The California Equal Pay Act (CEPA) recognizes a few exceptions to the general bar on pay differentials between genders: a seniority system, a merit system, a system that measures earnings by quantity or quality of production, or “a bona fide factor other than sex.” Cal. Lab. Code § 1197.5(a)(1)(D). The last exception is a vital catch-all that allows employers the flexibility necessary to create reasonable, non-discriminatory compensation systems. For instance, the catch-all exception allows employers to consider education, training, or experience when setting pay.

However, as important as this exception is, there is little caselaw from which to draw. Though it is clear that the catch-all applies only to factors that are “job related with respect to the position in question” and “consistent with business necessity,” those limitations are largely undefined and unexplored. For this reason, employers continue to operate under a shroud of uncertainty that creates the risk of litigation.

The risk is particularly high for employers that use pay to incentivize behaviors. For example, an employer that rewards COVID vaccination with extra pay (or charges a fee if employees refuse vaccination). By way of another example, some employers operate in jurisdictions where continued employment cannot serve as consideration for arbitration agreements. To ensure uniform compliance, those employers sometimes choose to rely on extra pay (or the opportunity for extra pay) instead. Other examples abound. In such cases, it is quite possible that a woman chooses not to engage in whatever behavior the employer wants to reward—e.g., she chooses not get vaccinated or sign an arbitration agreement. Her choice naturally leads to a pay disparity, where her male comparators earn more.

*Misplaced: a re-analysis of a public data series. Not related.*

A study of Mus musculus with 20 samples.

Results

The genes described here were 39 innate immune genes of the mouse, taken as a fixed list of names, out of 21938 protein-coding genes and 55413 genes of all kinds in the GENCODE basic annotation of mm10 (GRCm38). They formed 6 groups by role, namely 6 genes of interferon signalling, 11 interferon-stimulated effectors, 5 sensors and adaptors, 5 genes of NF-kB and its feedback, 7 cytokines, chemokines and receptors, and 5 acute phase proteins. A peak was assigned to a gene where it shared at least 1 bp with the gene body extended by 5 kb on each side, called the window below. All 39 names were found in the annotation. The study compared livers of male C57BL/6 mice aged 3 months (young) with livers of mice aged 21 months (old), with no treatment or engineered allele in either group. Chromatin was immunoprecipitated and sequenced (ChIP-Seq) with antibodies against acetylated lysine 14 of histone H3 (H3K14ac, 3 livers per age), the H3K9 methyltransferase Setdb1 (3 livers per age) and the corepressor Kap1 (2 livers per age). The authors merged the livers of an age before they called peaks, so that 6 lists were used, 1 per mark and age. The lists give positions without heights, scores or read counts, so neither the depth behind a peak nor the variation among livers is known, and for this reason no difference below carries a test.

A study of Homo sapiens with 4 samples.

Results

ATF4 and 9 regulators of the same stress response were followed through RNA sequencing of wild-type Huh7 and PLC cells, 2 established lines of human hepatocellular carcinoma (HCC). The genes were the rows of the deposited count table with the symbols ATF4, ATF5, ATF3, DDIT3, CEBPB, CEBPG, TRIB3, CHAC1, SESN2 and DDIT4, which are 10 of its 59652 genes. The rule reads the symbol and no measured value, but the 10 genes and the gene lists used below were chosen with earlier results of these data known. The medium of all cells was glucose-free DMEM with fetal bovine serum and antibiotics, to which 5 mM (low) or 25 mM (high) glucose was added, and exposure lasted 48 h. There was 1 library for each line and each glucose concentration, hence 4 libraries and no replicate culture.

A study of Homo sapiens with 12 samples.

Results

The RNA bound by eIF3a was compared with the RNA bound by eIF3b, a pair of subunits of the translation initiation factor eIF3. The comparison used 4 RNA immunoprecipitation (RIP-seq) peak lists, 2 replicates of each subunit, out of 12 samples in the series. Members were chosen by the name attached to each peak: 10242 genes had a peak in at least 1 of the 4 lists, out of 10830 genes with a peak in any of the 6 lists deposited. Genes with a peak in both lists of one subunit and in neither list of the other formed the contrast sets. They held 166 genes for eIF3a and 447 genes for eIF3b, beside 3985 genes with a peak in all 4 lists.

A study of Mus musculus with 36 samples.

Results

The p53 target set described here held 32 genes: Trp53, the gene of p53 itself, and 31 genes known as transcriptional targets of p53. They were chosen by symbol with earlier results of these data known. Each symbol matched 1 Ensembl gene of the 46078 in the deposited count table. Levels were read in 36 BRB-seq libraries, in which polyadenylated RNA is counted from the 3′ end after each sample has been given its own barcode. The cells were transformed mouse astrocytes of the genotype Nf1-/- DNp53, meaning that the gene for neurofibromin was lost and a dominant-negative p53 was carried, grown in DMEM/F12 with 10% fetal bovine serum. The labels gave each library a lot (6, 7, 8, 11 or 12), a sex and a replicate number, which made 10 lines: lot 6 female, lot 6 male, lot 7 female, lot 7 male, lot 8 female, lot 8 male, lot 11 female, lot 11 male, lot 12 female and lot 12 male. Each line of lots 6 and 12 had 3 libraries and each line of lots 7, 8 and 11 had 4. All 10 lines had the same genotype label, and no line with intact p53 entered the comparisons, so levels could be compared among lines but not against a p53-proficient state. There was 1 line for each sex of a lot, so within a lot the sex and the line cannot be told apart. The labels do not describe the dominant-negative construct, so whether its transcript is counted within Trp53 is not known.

Common sense dictates the employer should not be liable, but the law may well say otherwise.

  • The CEPA does not consider the employers’ motivations. The fact that the employers did not consider gender in their decisions to articulate and implement the policies is legally irrelevant.
  • It is unclear if vaccination or arbitration programs are consistent with “business necessity.” Employers have strong arguments that those programs generally lower the costs of doing business. But so far, there is no guidance indicating that this rationale alone is sufficient to count as a “business necessity.”
  • It appears that vaccination and arbitration programs are not typically job-related “with respect to the position in question.” Certain jobs in healthcare, for example, may meet this standard, but most positions will not.

As these examples demonstrate, it is important for courts and administrative agencies to further define the “bona fide factor other than sex” exception. Absent additional guidance, employers cannot deploy pay as a tool to incentivize important goals—like vaccination—without taking on additional, unnecessary risk.